For several years South London-based singer songwriter Lisa Knapp has been a little in the background. Her 2007 debut album, Wild and Undaunted, promised much and she has been a folk circuit constant, supporting and playing with the folkstocracy and working with husband Gerry Diver on the experimental Speech Project. An EP, Hunt the Hare – Branch of May which appeared last year, dropped tantalising hints of the music cooking behind the scenes. Now Hidden Seam is finally out, and the realisation dawns that far from being a sideshow, Lisa Knapp is the main attraction.
Knapp’s time away from the studio has taken her to new and striking places. Hidden Seam is confident and assured, much more ambitious than her previous work. On songs such as ‘Seagiver’ and the title track, she unrolls many phased songs that give her agile voice full scope. ‘Hidden Seam’ is where Knapp’s talent really unwind themselves as piano, strings, autoharp and tom toms build around a single repeating cello, her voice swirling and diving over the top. The song is about song itself – “All the singers and all the songs” – and Knapp’s vocals disintegrate at the end into disjointed vowels and consonants. It is a remarkable performance, strangely reminiscent of Björk.
Hidden Seam flows around a set of immaculate collaborations, with five of the finest folk musicians around: Martin Carthy, Alasdair Roberts, Marry Waterson, Kathryn Williams and James Yorkston. Waterson and Yorkston duet on ‘Black Horse’, a cover of a song by Marry’s mother Lal, with inimitably strange and alluring harmonies. Carthy plays the guitar on ‘Two Ravens’, a chilling piece of writing which at first seems to be a dark folk tale but reveals itself as a song about Alzheimer’s – “A cruel and merciless goodbye to love / when the ravens arrive / before the dove.” ‘Hunt the Hare Part 1’ still sounds as good as it did on the EP, Alasdair Roberts’ harmonies relishing the rich and complex lyrics, making lines such as “And as you drizzle to your velvet croon / And I succumb to your enticing tune” seem not just easy but inevitable. ‘Hunt the Hare Part 2’ is an irresistible Wicker Man caper in which “Sun is King again.” And Knapp’s 9-year old daughter even makes an appearance alongside Kathryn Williams on ‘Hushabye’, first sung to lull her to sleep.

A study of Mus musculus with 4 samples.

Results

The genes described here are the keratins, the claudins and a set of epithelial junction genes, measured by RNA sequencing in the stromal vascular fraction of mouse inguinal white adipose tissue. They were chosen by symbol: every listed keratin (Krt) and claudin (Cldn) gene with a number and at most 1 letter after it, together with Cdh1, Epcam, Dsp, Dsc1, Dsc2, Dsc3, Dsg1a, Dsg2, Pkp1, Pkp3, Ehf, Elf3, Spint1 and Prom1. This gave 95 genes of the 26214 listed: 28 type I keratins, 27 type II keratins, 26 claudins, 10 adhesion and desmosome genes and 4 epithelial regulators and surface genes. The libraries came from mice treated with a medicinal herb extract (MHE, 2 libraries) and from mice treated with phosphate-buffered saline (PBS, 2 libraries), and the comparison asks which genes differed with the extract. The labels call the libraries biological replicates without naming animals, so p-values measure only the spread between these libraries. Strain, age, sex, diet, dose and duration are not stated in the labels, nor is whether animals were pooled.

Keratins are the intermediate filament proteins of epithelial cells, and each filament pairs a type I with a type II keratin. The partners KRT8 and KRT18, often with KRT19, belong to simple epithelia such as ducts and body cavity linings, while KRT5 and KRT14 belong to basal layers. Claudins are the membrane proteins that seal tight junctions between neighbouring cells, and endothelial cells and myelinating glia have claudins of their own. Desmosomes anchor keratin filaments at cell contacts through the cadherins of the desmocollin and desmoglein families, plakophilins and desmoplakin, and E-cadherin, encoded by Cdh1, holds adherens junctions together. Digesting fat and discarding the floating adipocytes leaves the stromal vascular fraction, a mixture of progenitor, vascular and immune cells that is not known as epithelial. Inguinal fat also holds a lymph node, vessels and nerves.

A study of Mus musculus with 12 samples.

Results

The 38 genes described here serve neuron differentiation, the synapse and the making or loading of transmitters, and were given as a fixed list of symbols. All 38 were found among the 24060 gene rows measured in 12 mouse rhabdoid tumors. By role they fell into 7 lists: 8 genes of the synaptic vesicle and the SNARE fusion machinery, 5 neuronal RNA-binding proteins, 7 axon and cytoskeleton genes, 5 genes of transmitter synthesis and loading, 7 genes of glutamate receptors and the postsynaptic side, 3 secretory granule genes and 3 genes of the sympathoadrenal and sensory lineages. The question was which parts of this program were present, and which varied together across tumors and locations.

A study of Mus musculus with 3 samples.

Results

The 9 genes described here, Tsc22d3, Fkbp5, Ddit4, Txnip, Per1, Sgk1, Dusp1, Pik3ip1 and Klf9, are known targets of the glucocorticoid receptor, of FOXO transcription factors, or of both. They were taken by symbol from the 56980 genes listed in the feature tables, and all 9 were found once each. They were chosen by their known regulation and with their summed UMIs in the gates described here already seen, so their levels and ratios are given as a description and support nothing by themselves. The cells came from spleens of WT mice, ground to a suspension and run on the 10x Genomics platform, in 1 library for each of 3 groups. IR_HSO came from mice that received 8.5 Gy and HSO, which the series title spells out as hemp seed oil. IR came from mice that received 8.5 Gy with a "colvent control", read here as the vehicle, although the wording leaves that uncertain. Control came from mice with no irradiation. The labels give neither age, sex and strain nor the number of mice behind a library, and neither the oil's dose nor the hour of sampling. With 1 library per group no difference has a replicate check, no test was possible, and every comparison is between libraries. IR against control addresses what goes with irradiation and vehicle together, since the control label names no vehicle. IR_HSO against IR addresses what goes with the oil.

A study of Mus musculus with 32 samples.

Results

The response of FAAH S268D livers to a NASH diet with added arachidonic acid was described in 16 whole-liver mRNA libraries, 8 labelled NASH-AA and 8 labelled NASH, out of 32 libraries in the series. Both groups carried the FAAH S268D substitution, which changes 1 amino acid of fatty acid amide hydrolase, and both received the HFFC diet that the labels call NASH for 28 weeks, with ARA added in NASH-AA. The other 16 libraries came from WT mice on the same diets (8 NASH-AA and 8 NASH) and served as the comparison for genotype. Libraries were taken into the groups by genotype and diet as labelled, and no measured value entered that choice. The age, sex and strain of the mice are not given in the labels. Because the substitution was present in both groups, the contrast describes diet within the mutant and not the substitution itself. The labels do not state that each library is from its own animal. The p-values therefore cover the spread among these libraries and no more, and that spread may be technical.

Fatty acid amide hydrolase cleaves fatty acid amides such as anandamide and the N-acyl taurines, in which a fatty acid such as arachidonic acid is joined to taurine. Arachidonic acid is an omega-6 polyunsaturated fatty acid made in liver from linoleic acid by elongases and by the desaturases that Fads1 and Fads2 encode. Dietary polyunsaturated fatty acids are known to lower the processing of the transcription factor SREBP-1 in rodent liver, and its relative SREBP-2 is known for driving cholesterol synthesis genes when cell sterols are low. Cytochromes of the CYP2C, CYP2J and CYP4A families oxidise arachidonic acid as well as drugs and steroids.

If there is a weak point on ‘Hidden Seam’ it is perhaps the first track, ‘Shipping Song’, based on the Radio Four Shipping Forecast. Frankly, the original is simply impossible to improve. However, that is a minor quibble in the context of an album that combines lyrical inventiveness and feel for language with a voice that equally can sound wild and gently beautiful. Lisa Knapp possesses a glowing song-writing talent reminiscent of Lal Waterson, with the potential to influence just as many. ‘Hidden Seam’ deserves to be her breakthrough album and is essential listening, not just for folk aficionados but for those who want to hear the best.